Flightglobal.com had a very interesting and thorough article about Boeing (h/t to Ben Thompson). The article specifically focuses on the attempts made by Boeing to smooth the ramp us process it is going through. (“Boeing aims at smooth ramp-up“)
Boeing has gone through two events that define their attitude towards this ramp up. First, the 1995 recession with the issues that arose in the following ramp-up:
We pulled a lot of work from our supply chain back into Boeing to stabilise the employment and stabilise the statement of work within Boeing – so that coming out of that downturn in 1995 we had significantly weakened our supply chain,” Loftis says. “We had a number of suppliers that, when we asked them to ramp back up the rates, were no longer there or no longer helping to ramp up the rates quickly.”
This is an important lesson for many firms that go through cost cutting during a recession and do that by pushing their suppliers for even bigger cost cuts.
Second, and probably more familiar to the reader are the issues with the Dreamliner
The Boeing 787’s supply chain has proved a trial by fire for the company since 2007, delaying the Dreamliner’s deliveries by three-and-a-half years and pushing its first production plateau four years to the right while it absorbs the astronomical costs of the delays.
With the key sentence from the article:
What you end up realising is, you need more cost to supervise outside factories” outweighing the benefits of outsourcing design and manufacturing on the 787, says Boeing chief Jim McNerney.
In designing the Dreamliner and its supply chain, Boeing chose a very ambitious outsourcing model, in which not only production is outsourced, but also design and management of lower tiers. The main goals were to reduce production cost, development lead time and costs, among other reasons. The “experiment” resulted in long delays and significant financial losses, as implied by Mr. McNerney.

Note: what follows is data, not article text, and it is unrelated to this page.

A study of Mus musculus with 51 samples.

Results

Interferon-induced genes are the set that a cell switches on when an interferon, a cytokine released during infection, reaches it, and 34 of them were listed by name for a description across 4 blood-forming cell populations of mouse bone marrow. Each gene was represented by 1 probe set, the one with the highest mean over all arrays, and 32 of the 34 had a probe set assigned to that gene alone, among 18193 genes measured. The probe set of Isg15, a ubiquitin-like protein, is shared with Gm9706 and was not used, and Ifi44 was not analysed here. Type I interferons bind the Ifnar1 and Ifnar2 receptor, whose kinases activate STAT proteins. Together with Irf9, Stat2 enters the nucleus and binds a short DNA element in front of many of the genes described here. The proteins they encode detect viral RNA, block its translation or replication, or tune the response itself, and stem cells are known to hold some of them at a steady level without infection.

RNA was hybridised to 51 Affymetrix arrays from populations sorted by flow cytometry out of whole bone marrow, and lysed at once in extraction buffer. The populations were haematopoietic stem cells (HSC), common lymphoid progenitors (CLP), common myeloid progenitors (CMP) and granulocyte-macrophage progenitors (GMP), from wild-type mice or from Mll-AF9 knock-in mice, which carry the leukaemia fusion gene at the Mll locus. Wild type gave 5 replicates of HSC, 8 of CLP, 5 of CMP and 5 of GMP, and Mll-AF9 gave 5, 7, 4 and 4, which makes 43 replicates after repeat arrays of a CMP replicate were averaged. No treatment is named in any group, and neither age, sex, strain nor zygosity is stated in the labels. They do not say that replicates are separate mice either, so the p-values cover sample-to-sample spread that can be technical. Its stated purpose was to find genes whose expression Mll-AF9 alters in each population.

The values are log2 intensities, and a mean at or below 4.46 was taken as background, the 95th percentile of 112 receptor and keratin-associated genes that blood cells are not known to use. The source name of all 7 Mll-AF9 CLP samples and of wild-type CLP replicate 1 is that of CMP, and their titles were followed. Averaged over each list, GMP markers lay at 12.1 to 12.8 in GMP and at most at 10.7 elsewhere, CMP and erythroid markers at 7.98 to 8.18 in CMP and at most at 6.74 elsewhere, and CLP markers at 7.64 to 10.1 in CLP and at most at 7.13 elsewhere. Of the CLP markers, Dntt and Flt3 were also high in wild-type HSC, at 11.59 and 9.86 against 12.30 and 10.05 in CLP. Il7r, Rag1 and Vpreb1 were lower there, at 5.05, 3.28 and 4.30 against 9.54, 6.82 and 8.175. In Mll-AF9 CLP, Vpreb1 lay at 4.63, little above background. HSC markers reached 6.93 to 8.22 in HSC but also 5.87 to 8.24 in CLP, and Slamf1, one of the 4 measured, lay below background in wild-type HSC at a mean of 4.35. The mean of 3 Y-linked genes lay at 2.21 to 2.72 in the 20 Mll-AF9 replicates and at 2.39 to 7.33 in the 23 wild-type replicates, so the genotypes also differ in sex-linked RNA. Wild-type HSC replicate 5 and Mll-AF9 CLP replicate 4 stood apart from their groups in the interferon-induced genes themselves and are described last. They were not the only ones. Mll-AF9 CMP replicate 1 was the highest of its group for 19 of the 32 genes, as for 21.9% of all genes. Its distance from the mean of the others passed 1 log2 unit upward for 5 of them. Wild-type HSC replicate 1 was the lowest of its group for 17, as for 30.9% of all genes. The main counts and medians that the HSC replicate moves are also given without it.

It is reassuring to see that Boeing has learned from this: In the wake of the 787 supply-chain challenges, Boeing set up the Production Integration Center, which serves as a mission control for the Dreamliner’s global supply chain. The facility, monitors moment-by-moment changes at suppliers of the highest and lowest tiers.
We have to have the full supply chain aligned, which means there’s a tremendous amount of collaboration and there’s a tremendous amount of information sharing that has to go on. In that way, that’s what allows our supply chain to begin to achieve that competitive advantage.”
Of course, the ramp up process for the 787 is at its infancy, yet information sharing in such a complex supply chain is an essential first step. One has to remember, however, that such a center does not come for free: In many cases, the (usually) hidden cost of supervising suppliers may dominate any benefits. How can you predict and prevent it? Invest more upfront and try to account for all of these costs by visiting the suppliers, for examples. Of course, one cannot completely prevent such mistakes, yet one can reduce their impact.